David Capener is a contributing editor for Archinet a global online architecture website/magazine.
As fingers point towards the Markets community of Belfast they do so perpetuating a forty year long narrative that began, in the name of ‘regeneration’, with the unpicking of the grid street system, that since the 19th century had knitted the inner city together. “They started to disconnect the communities and build a wall around the area” says Deirdre showing me a historic plan from the 1800’s when the Markets, were built. A stark contrast with the wall of housing that bounds the site today. ‘The wall’, with its back turned to the city, punctuated by a series of narrow alleyways leading into cul-de-sacs of rear facing housing and a network of more narrow passages creates a ”siege mentality” says Fionntán Hargey, who with his sister Deirdre run the Markets Development Association.
Lost in a maze of cul-de-sacs, alleyways and dead-ends I begin to understand what Deirdre means when she describes how in the 1970’s, the Markets area was “redesigned in partnership with the British army so they could contain and close down the area.” It is now widely accepted in urban planning theory (see for example the work of the Forum for an Alternative Belfast) that large parts of the city were redesigned as a response to the challenging urban conditions that the troubles created — segregating, separating, zoning. The Westlink is a good example. After about ten minutes trying to find the community centre where the MDA are based I emerge through an alleyway back out onto the main road, only fifty yards from where I began.
Since the redevelopment in the seventies “the residents have always had a sense that they are being contained.” As I walk around the community it’s easy to understand why the residents feel this way. To the north and west the area is bounded by two main arterial routes into the city centre. To the east a series of new office developments and the river Lagan, and to the south, the Gasworks site.
Since the Good Friday Agreement, there are now more so-called ‘peace walls’ dividing communities across Belfast than before. “Initially the residents were contained for political reasons”, explains Deirdre pointing to a model of the area that shows the long continuous wall of housing around the site. “Now they see a sense of containment for economic reasons; there are physical and economic boundaries that completely contain the area.” Dr Conor McCabe from University College Dublin calls this a ‘double transition’. The move towards peace has been coupled with a move towards an aggressive economic neoliberalism. This pincer movement is now affecting vast areas of the city as Belfast sees an unprecedented level of redevelopment. Including Europe’s largest urban regeneration scheme at the former Sirocco works site.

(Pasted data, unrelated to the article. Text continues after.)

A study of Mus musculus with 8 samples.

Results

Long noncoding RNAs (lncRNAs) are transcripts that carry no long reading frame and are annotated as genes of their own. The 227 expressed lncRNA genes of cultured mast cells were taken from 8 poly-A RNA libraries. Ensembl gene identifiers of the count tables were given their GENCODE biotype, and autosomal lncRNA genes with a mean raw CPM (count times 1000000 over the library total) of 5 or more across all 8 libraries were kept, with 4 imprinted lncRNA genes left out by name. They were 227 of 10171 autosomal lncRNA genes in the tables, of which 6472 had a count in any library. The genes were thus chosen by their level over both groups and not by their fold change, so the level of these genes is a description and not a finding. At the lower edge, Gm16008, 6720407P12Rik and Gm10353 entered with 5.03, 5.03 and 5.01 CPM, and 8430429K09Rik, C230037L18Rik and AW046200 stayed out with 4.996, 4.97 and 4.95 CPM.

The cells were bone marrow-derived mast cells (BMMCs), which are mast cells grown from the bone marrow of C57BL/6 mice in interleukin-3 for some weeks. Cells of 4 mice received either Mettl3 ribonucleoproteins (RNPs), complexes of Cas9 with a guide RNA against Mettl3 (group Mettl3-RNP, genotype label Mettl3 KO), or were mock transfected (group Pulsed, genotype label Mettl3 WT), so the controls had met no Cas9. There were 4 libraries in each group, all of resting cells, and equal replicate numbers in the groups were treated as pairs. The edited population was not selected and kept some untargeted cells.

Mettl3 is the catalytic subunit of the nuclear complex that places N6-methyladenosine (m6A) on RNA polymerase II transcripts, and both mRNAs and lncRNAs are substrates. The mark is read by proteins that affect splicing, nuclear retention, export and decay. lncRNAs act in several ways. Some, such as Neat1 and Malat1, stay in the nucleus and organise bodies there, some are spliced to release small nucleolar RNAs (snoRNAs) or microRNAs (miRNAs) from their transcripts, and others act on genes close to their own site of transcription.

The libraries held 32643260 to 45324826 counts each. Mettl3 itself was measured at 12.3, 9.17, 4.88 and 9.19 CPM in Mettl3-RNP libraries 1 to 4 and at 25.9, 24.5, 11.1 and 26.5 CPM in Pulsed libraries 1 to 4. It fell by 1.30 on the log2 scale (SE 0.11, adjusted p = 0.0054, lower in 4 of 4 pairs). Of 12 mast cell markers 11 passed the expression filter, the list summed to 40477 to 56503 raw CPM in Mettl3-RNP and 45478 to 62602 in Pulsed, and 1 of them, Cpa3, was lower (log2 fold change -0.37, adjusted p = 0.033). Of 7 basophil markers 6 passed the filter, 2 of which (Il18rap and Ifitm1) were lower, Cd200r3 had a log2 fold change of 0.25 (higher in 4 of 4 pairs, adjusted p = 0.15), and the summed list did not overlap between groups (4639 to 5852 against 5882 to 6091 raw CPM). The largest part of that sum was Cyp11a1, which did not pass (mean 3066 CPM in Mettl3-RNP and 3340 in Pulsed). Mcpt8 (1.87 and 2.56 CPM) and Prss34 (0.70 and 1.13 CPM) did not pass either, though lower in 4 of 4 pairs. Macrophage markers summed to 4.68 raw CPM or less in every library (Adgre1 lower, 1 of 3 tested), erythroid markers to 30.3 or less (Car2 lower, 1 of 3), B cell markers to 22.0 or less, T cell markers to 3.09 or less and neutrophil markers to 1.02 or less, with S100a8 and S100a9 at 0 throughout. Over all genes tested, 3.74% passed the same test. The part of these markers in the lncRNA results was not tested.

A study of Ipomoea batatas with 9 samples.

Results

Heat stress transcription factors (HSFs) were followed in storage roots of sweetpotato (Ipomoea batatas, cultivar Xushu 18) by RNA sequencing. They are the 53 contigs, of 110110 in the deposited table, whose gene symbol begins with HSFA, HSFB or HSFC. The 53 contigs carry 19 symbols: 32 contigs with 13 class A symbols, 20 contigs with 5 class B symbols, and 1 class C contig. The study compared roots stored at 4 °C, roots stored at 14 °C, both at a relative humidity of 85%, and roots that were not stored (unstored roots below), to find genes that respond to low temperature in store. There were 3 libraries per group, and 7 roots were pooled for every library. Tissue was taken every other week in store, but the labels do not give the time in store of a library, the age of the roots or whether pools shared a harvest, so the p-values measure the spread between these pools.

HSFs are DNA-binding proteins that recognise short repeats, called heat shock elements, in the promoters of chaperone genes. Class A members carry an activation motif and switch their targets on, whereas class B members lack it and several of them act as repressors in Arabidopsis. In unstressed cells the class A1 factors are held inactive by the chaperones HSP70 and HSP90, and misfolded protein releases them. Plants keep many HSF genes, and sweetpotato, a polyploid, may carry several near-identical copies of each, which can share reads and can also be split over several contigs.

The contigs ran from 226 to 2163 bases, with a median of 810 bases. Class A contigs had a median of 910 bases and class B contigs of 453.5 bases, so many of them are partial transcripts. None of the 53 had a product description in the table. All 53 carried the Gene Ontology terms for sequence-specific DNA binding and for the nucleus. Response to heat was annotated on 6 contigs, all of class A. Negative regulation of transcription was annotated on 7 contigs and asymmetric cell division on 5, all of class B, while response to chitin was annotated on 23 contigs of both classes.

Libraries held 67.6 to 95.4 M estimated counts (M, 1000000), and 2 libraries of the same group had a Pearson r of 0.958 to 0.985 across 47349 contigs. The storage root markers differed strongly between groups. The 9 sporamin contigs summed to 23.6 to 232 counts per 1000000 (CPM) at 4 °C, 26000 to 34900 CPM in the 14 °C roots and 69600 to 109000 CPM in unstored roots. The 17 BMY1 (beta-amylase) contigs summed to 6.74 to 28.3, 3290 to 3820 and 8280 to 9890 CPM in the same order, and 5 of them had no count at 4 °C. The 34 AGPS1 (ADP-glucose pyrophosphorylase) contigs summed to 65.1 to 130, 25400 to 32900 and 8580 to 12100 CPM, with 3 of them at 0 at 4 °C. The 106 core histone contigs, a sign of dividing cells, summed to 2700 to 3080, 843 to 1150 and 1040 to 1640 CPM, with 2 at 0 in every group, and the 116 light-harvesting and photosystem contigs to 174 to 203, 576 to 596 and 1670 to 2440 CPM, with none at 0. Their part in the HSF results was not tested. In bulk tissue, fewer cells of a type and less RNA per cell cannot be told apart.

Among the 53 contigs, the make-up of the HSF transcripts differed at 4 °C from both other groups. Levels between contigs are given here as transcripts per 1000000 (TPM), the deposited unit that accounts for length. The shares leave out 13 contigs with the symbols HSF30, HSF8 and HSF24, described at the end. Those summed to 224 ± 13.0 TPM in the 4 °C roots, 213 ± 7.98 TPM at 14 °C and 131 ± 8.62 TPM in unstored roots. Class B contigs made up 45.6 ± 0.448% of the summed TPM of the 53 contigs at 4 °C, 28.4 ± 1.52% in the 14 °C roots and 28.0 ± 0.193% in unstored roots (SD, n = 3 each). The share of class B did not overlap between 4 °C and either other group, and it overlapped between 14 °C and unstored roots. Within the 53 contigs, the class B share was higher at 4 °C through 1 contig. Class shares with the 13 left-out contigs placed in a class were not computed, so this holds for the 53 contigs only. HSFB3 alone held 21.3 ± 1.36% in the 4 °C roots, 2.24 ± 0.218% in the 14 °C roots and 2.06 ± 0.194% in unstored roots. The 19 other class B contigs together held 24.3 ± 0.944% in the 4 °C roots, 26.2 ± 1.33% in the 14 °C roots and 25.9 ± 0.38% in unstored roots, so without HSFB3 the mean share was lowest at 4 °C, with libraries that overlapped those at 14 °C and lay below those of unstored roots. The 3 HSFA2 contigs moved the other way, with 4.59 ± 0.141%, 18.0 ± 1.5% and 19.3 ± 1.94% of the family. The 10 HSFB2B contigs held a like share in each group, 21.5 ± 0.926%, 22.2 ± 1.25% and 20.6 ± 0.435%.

“This is a very real issue for us” says Deirdre as she shows me plans to help reconnect the Markets to the surrounding area through the conversion of eight vacant tunnels into an access route and a number of community uses. The success of the project is now under threat from a large office development on the adjacent Stewart Street site. “The local community would have loved this site for housing and mixed use development, something to compliment the tunnels” says Fionntán. The undercurrents of mistrust that flow from the cities past continue to run deep and wide. The MDA are about to begin a legal challenge to the scheme.
Housing for the Markets area, as it is for many inner city communities in Belfast is a major issue. The area — classified, like nearly all of Belfast’s inner city communities as being in multiple deprivation — currently has 106 applicants for housing and 86 households in housing stress and is designated as having a critical housing need. With Belfast City Council’s target for 37,000 new homes to be built by 2035 and the adjacent Gasworks site designated for social housing the residents were hopeful that this need was being addressed. But, showing me a masterplan of the Gasworks site, Deirdre tells me that “the council are just trying to push through office developments”. I ask if there will be any housing on the site at all. Fionntán shows me a cardboard model of the Councils current proposals and points to a small block of around nine houses, which the Council are yet to confirm are actually going to be built. “All the community wants to know is a guarantee of houses. The fundamental issue is that the community knows that no firm commitment is no commitment at all.”
“There’s definitely the belief among many residents that if developers could irradiate the community in the morning and move them out of the city they would do that.” There is no excuse for violence, but there is a context in which these acts take place. Remove them from their context and we fail to understand the complex, interconnected narratives that weave their way throughout the communities of our city.
Deirdre sums up the situation by quoting her father, one of the founding members of the MDA; we are “redeveloping the area for future decay”. The prescience of these words is not lost on me.